Hong Kong Drafts Law Restricting Crypto Access to Only Millionaires
Regulators all over the world are stiffening their rules on cryptocurrencies as the market has grown too large to ignore. Hong Kong, a worldwide crypto and financial center, is the newest to call for further regulation of the sector.
Its most recent bill, for example, would limit crypto trading to large investors. Since November of last year, Hong Kong has been holding meetings on cryptocurrency regulations.
The Financial Services and Treasury Bureau of the zone has released the results of its discussions, and they are not favorable to retail cryptocurrency traders.
According to Reuters, the FSTB prefers this sector to be limited to accredited investors. To be considered a qualified investor in Hong Kong, you must have an investment portfolio worth more than HK$8 million ($1.03 million).
If the region passes this legislation, retail traders will be entirely cut out of the market. This will be a major setback for a sector that was built on the idea of decentralizing control, especially in the financial services arena.
The FTSB said, “At least for the early phase of the licensing system, restricting the activities of a VA (virtual assets) exchange to accredited investors is sufficient.”
The regulator desires to fasten its regulation of exchanges in addition to restricting retail traders. Presently, exchanges in the area are only required to send information to the watchdog on a voluntary basis. The FTSB, on the other hand, wants the Securities and Futures Commission to have more control over the cryptocurrency exchanges.
Asley Alder, the CEO of the SFC pointed out in a speech:
“This is a significant limitation, as under the current legislative framework if a platform operator is really determined to operate completely off the regulatory radar it can do so simply by ensuring that its traded crypto assets are not within the legal definition of a security.”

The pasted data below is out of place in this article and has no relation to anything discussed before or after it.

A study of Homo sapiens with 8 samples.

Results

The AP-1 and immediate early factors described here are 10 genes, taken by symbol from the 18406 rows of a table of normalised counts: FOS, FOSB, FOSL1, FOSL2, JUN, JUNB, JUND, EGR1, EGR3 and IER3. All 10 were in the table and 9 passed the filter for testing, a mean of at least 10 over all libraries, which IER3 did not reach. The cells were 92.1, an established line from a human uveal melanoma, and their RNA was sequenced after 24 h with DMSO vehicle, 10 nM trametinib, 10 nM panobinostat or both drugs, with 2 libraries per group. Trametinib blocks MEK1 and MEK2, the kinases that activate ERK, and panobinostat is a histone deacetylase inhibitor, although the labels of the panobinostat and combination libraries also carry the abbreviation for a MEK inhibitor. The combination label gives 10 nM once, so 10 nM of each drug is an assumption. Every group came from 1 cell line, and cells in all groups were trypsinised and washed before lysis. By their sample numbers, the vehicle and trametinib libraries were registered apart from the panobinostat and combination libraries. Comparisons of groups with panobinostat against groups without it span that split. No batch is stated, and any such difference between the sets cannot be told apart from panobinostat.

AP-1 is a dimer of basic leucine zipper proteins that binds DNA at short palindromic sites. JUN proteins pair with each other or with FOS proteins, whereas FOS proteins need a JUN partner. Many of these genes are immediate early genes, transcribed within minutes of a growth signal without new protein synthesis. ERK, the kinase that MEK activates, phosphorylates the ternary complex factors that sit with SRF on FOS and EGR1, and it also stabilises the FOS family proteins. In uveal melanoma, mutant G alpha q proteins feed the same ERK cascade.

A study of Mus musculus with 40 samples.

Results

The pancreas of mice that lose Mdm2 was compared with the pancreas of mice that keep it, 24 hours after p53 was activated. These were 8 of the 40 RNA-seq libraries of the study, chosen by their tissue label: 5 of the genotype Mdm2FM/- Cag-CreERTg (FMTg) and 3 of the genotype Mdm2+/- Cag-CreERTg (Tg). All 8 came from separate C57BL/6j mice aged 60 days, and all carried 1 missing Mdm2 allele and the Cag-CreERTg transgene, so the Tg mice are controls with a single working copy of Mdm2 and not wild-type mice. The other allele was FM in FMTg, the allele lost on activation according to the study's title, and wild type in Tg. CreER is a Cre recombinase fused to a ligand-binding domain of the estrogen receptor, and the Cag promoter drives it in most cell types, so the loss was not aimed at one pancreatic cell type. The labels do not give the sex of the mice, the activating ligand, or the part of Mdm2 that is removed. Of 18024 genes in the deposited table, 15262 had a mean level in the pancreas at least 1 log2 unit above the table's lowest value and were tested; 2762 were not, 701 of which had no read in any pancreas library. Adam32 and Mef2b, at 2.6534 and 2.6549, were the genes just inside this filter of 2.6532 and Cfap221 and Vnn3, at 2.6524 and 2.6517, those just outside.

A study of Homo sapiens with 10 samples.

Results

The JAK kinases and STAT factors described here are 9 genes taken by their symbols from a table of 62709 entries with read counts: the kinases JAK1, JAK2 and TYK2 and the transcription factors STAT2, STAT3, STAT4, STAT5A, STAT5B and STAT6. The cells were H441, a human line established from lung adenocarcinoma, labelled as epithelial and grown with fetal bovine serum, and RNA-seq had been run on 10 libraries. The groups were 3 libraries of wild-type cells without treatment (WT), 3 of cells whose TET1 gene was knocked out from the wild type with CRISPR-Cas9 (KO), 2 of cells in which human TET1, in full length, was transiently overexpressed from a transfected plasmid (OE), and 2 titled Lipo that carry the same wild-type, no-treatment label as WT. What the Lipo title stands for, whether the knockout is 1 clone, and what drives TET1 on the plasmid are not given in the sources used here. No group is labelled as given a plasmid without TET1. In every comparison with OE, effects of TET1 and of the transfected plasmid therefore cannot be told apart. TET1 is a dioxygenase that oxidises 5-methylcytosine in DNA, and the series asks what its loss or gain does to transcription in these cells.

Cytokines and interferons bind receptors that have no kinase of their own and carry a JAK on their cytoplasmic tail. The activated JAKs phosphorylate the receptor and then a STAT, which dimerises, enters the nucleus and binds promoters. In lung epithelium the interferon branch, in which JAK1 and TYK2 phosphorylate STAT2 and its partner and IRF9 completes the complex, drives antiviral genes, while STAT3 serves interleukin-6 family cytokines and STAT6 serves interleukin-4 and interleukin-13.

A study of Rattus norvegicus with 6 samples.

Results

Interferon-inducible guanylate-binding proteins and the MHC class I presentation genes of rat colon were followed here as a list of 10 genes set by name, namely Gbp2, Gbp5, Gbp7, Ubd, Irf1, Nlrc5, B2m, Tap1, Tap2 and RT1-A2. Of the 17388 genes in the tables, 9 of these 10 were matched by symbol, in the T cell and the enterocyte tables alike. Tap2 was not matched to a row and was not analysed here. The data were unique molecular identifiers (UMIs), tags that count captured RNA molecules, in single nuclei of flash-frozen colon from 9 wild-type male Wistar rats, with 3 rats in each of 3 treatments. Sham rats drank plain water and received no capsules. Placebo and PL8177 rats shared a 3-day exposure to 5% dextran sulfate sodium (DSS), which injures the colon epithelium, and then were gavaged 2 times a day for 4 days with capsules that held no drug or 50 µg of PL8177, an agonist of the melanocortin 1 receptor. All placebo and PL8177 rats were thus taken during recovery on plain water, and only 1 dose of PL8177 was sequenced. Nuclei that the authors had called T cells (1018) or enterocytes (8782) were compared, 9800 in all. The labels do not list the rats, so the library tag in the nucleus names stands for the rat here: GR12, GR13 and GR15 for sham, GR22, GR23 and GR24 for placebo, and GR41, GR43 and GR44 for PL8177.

The regulators plan to present the draft regulations to lawmakers as soon as possible in order for them to become law. Accepted, there is a need for more regulation of exchanges. It would be easier to draw institutional investors if the business is more monitored. This legislation would also help to prevent cheating in the emerging sector.
The moratorium on retail traders, on the other hand, could cause a lot of problems. For instance, it will bar a whopping 93% of Hong Kong citizens from investing in cryptocurrency. According to the South China Morning Post, approximately 504,000 residents had assets worth more than $1 million.
In an area with a population of nearly 7.4 million citizens, this shows that a large percentage of locals would be unable to invest in cryptocurrency.
Leo Weese, the founder of the Bitcoin Association of Hong Kong summed it up:
“To restrict retail individuals from accessing Bitcoin would be overshooting the government’s goals of promoting innovation, and financial inclusion.”